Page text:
Actually knowing something, remembering history or having experience of the world, is becoming a disadvantage. How much easier it would be to join in with the flow of opinion about Syria, to listen happily to, and read contentedly, media reports on the subject.
As it is, I feel something close to a physical pain as I do this.
Today’s frenzy over alleged use of poison gas in Syria is the 2017 version of Anthony Blair’s WMD in Iraq. Why can you not see it? Did you think they would do it in exactly the same way again? You are being assailed through your emotions, to act first and think long after, and far too late.
How *can* trained journalists (and experienced diplomats) be so lacking in the desire or ability to question what they are told? How come that they accept without hesitation reports which have not come from their own staff, but instead come from within terrifying war zones where gangs of fanatical murderers are the only law? One or two at least have the decency to refer to the new reports of gas attacks as ‘suspected’ or alleged, but most present them as established fact. ‘All the hallmarks’ means, in such cases, what? Though millions believe this has been proven, past accusations of gas use by Damascus have never been independently shown to be true.
Well, how can facts *be* independently established about such events? Not easily. Alas, that makes it appallingly simple to make propaganda without ever facing serious checks.
The pressures on anyone communicating with Western media from such places can only be imagined.
And then there is this simple point. Why would the Syrian government use gas at this stage in a war it has recently begun to win with conventional munitions? You don’t have to believe that the Assad state is saintly to ask this question, and I don’t believe that. Please see Carla del Ponte, for the UN, who has in the past accused the *rebels* of gas use.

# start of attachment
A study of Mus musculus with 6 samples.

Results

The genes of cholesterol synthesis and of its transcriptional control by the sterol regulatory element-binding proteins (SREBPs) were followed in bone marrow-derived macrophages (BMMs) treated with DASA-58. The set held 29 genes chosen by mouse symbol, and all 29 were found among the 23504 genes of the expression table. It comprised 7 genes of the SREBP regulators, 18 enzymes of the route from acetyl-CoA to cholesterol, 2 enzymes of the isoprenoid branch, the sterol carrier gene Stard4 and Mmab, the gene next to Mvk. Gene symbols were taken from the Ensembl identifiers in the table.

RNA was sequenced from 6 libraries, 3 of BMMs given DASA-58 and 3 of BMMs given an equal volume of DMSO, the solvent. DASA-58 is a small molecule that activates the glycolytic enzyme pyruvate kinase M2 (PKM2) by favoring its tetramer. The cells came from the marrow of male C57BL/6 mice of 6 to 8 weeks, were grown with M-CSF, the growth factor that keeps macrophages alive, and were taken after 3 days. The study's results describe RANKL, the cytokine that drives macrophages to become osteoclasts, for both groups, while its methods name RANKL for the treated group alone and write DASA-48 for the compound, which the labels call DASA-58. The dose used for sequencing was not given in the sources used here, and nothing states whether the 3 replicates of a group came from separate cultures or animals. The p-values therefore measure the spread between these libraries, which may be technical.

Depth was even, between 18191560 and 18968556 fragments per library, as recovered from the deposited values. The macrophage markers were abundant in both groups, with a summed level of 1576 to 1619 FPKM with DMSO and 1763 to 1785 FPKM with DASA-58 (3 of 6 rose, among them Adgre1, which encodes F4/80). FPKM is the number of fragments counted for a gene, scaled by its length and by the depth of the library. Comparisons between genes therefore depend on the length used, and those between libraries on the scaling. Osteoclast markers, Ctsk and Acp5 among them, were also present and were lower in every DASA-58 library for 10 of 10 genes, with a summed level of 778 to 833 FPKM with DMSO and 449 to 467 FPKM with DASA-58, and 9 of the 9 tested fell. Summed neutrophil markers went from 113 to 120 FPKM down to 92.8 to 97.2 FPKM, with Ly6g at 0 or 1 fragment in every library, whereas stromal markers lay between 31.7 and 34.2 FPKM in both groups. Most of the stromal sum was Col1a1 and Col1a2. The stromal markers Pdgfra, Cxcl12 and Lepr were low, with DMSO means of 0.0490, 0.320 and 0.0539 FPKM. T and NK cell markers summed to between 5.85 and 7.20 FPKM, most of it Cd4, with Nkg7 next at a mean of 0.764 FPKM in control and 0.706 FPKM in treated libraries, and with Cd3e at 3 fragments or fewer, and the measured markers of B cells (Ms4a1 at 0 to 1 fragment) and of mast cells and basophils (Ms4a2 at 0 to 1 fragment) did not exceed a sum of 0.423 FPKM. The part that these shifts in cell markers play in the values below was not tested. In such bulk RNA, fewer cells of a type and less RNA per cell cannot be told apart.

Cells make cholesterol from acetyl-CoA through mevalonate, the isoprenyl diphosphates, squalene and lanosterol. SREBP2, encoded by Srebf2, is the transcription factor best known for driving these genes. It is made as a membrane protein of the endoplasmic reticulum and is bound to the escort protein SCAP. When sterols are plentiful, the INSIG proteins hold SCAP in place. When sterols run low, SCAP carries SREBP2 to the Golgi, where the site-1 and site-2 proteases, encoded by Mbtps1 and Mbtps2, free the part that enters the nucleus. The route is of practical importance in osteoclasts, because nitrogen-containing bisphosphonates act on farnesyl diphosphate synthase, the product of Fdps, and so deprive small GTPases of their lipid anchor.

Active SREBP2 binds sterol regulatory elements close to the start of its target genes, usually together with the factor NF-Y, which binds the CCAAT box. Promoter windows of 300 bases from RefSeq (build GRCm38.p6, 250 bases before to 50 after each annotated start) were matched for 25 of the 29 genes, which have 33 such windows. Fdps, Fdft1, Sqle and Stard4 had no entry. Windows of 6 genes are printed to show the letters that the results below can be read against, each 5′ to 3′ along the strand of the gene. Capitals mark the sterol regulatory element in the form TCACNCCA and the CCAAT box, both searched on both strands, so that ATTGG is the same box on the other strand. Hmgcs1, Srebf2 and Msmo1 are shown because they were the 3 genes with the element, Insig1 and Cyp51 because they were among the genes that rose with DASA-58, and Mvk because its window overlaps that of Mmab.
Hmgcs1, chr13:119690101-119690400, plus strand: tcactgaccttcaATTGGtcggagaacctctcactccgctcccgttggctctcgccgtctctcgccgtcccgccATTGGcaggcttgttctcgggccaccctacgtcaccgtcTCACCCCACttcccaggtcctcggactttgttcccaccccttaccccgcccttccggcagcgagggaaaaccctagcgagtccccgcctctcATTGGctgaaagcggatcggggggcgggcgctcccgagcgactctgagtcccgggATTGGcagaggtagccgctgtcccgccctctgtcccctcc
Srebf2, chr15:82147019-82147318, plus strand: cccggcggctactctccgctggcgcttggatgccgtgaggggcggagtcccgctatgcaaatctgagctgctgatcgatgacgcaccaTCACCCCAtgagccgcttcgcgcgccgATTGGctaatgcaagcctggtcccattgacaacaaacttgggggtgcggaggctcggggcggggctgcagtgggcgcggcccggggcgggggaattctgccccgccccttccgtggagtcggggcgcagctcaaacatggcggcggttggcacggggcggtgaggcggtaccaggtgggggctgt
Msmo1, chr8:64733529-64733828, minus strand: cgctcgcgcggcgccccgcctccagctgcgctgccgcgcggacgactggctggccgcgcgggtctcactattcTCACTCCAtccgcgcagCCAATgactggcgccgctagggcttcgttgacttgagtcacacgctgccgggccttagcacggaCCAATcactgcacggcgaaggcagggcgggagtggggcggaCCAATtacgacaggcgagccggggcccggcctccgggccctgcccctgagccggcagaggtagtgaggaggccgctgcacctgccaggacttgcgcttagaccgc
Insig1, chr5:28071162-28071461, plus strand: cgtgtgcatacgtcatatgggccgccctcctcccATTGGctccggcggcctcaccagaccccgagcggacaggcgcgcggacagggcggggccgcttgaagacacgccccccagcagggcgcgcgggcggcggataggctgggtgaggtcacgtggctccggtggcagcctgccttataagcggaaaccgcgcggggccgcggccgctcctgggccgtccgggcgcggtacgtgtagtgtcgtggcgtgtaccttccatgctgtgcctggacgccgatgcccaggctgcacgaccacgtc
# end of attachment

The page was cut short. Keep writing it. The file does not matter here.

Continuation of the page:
Wicked and brutal they may well be, but they would have to be stupid and possibly mad to do such an thing, just as an important conference convenes in Brussels to discuss the future of Syria.
The military advantages would be tiny. Chemical weapons have not been widely used since the 1914-18 war not because soldiers have been especially tender, but because, though very nasty, they are not an especially effective weapon of war. In the 1939-45 war, many barbarous things were done, especially by largely lawless nations such as Germany and Japan, and indeed by the USSR. But gas was not used on the battlefield.
The political and diplomatic disadvantages would be huge. If Syria could be shown (as it has not yet been) to have used gas to kill children, it would mean total diplomatic isolation, and renewed calls in Britain and the USA ( which only a few days ago abandoned its aim of overthrowing Assad) to intervene against Assad.
Well, here are some thoughts as to why this has happened now. This has come just as Russian policy in the area had begun to look successful. That would never do. Never underestimate the current desire in Western foreign policy circles to increase hostility between Russia and the USA. It comes as Britain’s absurdly close and servile client relationship to the despotic and aggressive (ask a Yemeni) Saudi Regime is underlined by a visit to Riyadh by Theresa May. And it comes as Egypt’s tyrant General Sisi, who we are not allowed to call a military dictator, though he is, and whose forces gunned down hundreds of demonstrators in Cairo, visits Washington.
Two points occur. One, the Western powers, by consorting with such people, demonstrate that their exaggerated disgust at the Assad government is selective and unreal. Two, they demonstrate that our continuing desire to be on good terms with Saudi Arabia lies beneath our whole foreign policy in this region. And which state loathes President Assad more than anyone? Why, Wahhabi Saudi Arabia, which despises Assad for his Alawite heresy, and hates him for his alliance with Shia Iran.